Time after time, when a person loses his or her life while walking or biking in the city, the narrative unfolds according to script. Pedestrian or cyclist killed. Driver remained at the scene. No charges filed. Not only is it rare to hear of a driver held to even the minimum standard of care by police and prosecutors, more often than not NYPD would have the public believe that if anyone is to blame, it’s the victim.
When Brooklyn cyclist Mathieu Lefevre was killed by a hit-and-run driver in October, NYPD initially told the media that Lefevre had run a red light and that he was riding in the truck driver’s blind spot. The NYPD crash report contradicts both those claims, yet the department’s final public statement on the case may well be “There’s no criminality. That’s why they call it an accident.”
Rasha Shamoon was riding her bike home in the early morning hours of August 5, 2008 when she was struck by the driver of a Range Rover at Bowery and Delancey. Shamoon, 31, was an experienced cyclist whose bike was covered with reflective tape and equipped with front and rear lights. Limiting witness interviews to the driver, who at 21 had amassed a record of six traffic convictions, and his two passengers, NYPD faulted Shamoon for the crash.
In November 2009, 22-year-old Seth Kahn was killed by a bus driver while crossing Ninth Avenue in Hell’s Kitchen. Police at first told reporters that Kahn was running to beat the light when he was crushed by the rear wheels of the turning bus. Days later, however, bus driver Jeremy Philhower was ticketed for failing to yield. Almost a year after the crash it was determined that Philhower, who had a history of texting behind the wheel and had reportedly posted comments on Facebook about his desire to kill people, was driving too fast and not looking where he was going.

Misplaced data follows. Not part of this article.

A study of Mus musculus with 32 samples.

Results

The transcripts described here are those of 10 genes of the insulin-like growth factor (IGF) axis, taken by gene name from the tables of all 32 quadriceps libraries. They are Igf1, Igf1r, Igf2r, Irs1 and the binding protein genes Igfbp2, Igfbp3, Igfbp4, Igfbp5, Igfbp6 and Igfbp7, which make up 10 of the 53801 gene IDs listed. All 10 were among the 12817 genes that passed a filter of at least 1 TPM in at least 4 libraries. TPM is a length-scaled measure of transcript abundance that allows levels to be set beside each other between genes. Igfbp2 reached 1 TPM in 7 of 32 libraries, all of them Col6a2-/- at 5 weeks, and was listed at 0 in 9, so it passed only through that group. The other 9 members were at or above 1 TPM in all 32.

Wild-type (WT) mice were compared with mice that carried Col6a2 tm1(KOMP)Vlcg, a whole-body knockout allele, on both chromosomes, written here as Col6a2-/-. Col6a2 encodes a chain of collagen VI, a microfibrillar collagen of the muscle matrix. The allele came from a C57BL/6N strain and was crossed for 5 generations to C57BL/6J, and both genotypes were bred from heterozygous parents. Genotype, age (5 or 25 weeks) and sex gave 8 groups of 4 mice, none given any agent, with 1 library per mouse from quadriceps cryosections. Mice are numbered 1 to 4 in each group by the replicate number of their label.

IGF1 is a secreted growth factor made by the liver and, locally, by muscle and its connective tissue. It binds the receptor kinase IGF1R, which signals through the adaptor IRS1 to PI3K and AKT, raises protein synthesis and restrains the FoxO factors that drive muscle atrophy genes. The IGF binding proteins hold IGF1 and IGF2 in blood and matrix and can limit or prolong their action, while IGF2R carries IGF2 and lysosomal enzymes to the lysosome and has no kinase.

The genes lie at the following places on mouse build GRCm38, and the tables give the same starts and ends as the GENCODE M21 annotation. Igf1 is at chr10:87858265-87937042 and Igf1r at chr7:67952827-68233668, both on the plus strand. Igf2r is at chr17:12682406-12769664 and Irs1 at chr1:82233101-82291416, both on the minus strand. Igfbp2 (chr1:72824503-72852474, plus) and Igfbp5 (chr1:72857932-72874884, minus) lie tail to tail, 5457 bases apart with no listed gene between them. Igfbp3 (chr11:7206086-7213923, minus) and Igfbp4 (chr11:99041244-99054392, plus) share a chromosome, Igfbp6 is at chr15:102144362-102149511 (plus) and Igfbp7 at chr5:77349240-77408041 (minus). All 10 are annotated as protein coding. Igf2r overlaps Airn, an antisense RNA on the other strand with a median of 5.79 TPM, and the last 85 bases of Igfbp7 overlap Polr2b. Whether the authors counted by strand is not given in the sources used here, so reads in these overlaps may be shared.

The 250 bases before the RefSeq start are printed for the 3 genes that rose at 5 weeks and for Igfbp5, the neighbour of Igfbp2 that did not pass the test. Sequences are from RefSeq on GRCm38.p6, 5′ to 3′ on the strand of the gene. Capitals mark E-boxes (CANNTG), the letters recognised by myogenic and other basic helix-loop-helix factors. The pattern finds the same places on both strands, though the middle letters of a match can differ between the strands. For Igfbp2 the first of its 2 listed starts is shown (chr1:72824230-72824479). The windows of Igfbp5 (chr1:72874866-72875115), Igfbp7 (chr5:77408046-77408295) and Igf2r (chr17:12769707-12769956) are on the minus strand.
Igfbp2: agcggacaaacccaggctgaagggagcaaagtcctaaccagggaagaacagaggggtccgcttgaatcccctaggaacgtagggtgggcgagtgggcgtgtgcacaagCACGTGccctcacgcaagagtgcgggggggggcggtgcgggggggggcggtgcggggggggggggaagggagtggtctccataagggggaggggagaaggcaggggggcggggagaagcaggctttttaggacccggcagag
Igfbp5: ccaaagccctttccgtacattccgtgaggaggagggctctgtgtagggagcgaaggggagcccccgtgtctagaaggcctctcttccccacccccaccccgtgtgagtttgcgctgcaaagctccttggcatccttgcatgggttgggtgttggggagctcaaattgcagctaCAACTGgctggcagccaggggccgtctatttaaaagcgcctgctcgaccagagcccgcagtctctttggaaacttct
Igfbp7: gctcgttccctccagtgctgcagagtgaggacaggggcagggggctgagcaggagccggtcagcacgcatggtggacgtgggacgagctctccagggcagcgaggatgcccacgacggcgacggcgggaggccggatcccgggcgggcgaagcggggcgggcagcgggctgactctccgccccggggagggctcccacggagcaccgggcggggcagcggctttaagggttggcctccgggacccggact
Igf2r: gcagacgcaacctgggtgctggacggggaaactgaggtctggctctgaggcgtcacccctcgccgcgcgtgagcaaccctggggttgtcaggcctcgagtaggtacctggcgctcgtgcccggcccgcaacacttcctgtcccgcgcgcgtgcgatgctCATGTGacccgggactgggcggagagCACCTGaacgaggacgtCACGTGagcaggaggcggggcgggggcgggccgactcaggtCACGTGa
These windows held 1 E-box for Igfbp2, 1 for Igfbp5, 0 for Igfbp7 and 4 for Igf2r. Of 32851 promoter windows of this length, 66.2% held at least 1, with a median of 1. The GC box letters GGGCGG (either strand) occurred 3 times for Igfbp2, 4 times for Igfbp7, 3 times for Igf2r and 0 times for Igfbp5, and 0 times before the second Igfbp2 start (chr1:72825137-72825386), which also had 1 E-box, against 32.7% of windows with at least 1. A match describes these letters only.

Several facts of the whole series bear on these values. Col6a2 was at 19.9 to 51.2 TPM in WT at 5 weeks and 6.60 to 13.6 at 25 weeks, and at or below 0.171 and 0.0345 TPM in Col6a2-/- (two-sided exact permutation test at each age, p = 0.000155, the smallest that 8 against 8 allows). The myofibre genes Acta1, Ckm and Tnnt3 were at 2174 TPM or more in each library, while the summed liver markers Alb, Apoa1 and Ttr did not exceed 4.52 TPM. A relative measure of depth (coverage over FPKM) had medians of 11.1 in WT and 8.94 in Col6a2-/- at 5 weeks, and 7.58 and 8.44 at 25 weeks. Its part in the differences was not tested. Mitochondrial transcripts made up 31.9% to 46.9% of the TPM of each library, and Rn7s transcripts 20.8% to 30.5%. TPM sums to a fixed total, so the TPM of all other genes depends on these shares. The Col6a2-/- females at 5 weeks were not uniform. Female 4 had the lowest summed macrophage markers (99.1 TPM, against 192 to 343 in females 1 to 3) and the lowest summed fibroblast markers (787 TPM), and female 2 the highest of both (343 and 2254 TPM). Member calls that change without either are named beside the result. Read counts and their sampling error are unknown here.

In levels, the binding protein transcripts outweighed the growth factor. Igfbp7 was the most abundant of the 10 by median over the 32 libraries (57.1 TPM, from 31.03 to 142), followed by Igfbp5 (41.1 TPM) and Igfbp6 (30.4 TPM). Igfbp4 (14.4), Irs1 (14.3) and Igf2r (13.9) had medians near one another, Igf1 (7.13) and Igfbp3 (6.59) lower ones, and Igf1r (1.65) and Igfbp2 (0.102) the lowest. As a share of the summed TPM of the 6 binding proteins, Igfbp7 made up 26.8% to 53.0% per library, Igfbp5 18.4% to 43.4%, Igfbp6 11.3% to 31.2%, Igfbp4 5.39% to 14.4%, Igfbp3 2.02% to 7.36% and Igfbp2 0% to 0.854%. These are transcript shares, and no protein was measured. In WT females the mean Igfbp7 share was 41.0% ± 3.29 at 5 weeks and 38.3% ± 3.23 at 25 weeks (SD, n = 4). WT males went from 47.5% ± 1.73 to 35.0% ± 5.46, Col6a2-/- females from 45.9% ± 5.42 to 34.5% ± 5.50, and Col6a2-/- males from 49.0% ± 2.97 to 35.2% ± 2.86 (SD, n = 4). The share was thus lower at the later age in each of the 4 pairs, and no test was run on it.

In the immediate aftermath of any single crash, it’s impossible to tell whether NYPD has sufficient cause to exonerate the driver. The department won’t release details from investigations and withholds crash reports from public scrutiny. But when the data from those reports is compiled by the New York State DOT and vetted by researchers, the cumulative picture debunks the NYPD’s blame-the-victim-first protocol.
The most comprehensive analysis of crash reports is inside the 2010 NYC DOT pedestrian safety report, which examined crashes in which pedestrians died or suffered serious injuries from 2002 to 2006. Among the crashes to which contributing factors were assigned, only 21.5 percent placed primary responsibility on “pedestrian error/confusion.” The vast majority were caused by driver behavior, including inattention (a factor in 36 percent of crashes), failure to yield (27 percent), and excessive speed (20 percent).
Since drivers are culpable for most crashes that hurt pedestrians, this should add up to hundreds if not thousands of cases each year where police and prosecutors file charges for reckless or negligent driving. In 2006, for example, 143 pedestrians died on city streets and 1,313 were severely injured. That doesn’t count less serious pedestrian injuries, which number in the thousands annually.
But as Transportation Alternatives noted in October, NYPD has failed to make use of new state laws intended to hold dangerous motorists accountable. Applications of VTL 1146, the statute that was strengthened last fall to make “careless driving” the default charge when pedestrians or cyclists are injured, have stayed pretty much the same for the last three-and-a-half years, with this year’s total citations on track to remain in the double digits.
So not only is there a huge mismatch between what actually causes crashes and what NYPD feeds the media, the department is as a rule letting drivers off the hook for inflicting death and serious injury.